Builder sentiment continued on its upward trajectory in October, reaching a new record high, according to the a new report from the National Association of Home Builders (NAHB).
The NAHB/Wells Fargo Housing Market Index (HMI), which measures builder perceptions of the market via a survey of component questions, rose two points to 85 in October, a new peak for the metric. The previous record was set just last month, marking the first time the index had ever risen above a reading of 80.
“Traffic remains high and record-low interest rates are keeping demand strong as the concept of ‘home’ has taken on renewed importance for work, study and other purposes in the COVID era,” said NAHB Chairman Chuck Fowke.
Robert Dietz, chief economist for the NAHB, agreed, calling the housing market “a bright spot for the economy” and citing the growth in buyer interest in suburbs, exurbs and small towns. Demand in those areas has been driven by a shift in consumer preferences since the onset of the COVID-19 pandemic; with coronavirus cases resurgent and more people working remotely, several reports have signaled growing homebuyer inclinations for less density and more space.
All of the HMI’s component indices — each of which is based on a specific survey question — either reached or matched their highest levels in October. The index measuring builder sentiment of current sales conditions rose two points to a reading of 90, while the index for sales expectations in the next six months was up three points to 88. The index gauging traffic of prospective borrowers was unchanged at 74.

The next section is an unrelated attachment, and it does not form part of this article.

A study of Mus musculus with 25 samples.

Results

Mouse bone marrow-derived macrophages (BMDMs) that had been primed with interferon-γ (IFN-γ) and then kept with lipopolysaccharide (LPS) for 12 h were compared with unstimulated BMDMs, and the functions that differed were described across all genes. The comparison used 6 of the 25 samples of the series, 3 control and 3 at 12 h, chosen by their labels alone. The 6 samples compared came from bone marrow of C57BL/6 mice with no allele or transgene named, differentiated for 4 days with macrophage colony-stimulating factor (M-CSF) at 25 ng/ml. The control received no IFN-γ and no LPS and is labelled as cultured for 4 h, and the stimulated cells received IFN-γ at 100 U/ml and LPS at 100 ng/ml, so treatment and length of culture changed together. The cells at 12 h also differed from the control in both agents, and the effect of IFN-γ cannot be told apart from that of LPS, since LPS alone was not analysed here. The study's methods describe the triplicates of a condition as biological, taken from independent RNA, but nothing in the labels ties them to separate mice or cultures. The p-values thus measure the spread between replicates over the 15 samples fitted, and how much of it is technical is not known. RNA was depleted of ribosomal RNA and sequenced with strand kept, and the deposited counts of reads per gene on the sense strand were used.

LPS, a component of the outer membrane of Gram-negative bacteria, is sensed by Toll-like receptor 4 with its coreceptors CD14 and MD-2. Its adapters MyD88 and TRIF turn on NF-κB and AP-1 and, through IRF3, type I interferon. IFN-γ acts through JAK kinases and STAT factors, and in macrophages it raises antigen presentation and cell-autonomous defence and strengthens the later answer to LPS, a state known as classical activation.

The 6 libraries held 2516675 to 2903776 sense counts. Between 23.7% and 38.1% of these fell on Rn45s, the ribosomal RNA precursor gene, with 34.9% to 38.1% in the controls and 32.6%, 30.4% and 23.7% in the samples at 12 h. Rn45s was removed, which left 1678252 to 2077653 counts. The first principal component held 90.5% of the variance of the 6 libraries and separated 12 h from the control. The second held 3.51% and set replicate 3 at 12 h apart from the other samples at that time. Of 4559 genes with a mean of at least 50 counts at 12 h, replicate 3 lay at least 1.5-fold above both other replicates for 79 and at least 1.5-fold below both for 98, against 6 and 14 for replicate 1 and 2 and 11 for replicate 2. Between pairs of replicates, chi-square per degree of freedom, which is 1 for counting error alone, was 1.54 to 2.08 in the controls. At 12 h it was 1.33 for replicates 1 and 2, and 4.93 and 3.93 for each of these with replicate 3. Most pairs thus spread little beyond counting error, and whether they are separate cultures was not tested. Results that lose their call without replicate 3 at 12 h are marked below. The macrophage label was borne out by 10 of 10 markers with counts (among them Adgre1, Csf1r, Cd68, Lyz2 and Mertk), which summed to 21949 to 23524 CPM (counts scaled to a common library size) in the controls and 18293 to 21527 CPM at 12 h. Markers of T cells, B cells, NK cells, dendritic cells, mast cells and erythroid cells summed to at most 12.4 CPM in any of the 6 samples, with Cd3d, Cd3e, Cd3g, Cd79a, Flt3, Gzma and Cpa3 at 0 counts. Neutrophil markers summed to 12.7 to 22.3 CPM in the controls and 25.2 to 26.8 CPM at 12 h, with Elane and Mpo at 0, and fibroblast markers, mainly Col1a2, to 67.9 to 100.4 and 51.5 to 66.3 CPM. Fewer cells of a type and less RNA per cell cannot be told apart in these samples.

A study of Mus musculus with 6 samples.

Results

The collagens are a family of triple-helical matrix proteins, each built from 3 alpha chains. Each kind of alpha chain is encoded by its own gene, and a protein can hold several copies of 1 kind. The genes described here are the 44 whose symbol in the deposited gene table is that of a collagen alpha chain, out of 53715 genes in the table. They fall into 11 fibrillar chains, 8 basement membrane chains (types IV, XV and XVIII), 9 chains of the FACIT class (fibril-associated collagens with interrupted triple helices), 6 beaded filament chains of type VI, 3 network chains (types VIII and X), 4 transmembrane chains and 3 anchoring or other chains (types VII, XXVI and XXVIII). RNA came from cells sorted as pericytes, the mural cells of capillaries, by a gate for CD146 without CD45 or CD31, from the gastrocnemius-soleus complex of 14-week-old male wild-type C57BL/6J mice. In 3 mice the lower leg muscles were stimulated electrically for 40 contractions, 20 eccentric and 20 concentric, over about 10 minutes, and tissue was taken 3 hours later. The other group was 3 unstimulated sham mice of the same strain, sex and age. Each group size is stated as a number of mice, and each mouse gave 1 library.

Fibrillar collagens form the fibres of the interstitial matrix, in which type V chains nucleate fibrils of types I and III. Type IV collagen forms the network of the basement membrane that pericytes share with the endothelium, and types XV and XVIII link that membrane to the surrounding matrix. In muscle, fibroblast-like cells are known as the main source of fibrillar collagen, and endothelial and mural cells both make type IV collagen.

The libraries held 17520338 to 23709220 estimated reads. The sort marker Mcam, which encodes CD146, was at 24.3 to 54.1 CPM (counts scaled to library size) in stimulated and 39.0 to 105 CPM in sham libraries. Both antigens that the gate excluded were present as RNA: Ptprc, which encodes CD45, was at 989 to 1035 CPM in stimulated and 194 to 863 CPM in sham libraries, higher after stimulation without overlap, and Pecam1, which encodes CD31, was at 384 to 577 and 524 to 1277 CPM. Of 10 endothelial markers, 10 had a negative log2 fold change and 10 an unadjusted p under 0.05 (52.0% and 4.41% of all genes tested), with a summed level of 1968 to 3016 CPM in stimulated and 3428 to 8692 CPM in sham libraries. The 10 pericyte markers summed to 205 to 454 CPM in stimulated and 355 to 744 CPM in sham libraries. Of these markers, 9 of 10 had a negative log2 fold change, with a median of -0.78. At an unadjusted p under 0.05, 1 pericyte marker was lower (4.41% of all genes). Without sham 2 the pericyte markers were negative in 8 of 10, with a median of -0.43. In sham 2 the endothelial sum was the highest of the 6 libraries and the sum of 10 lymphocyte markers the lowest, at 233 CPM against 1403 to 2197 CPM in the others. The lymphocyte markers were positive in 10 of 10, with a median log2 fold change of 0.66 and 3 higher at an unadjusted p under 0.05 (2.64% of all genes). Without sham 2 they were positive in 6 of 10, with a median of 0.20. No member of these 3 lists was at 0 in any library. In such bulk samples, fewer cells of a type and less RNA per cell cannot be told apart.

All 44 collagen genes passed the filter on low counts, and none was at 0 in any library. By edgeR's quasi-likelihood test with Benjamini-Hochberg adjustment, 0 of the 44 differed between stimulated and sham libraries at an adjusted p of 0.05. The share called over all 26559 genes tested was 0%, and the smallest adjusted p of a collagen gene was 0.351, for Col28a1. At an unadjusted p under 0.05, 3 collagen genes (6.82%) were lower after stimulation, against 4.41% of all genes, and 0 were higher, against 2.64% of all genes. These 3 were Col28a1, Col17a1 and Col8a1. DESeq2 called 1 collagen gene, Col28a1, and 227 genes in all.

Sentiment is likewise high across geographical regions. The three-month moving average HMI reading for the Northeast rose six points to 82, while the Midwest and South both saw three-point improvements to reach 75 and 82, respectively. The West increased five points to a reading of 90.
Both Fowke and Dietz did see potential speedbumps to the market, however, and they’re not exactly new ones: spiking material prices and dwindling home inventory.
“It is becoming increasingly challenging to build affordable homes as shortages of lots, labor, lumber and other key building materials are lengthening construction times,” said Fowke.
“NAHB analysis … showed that new single-family home sales are outpacing starts by a historic margin,” added Dietz. “Bridging this gap will require either a gain in construction volume or reductions in available inventory, which is already at a historic low in terms of month’s supply.”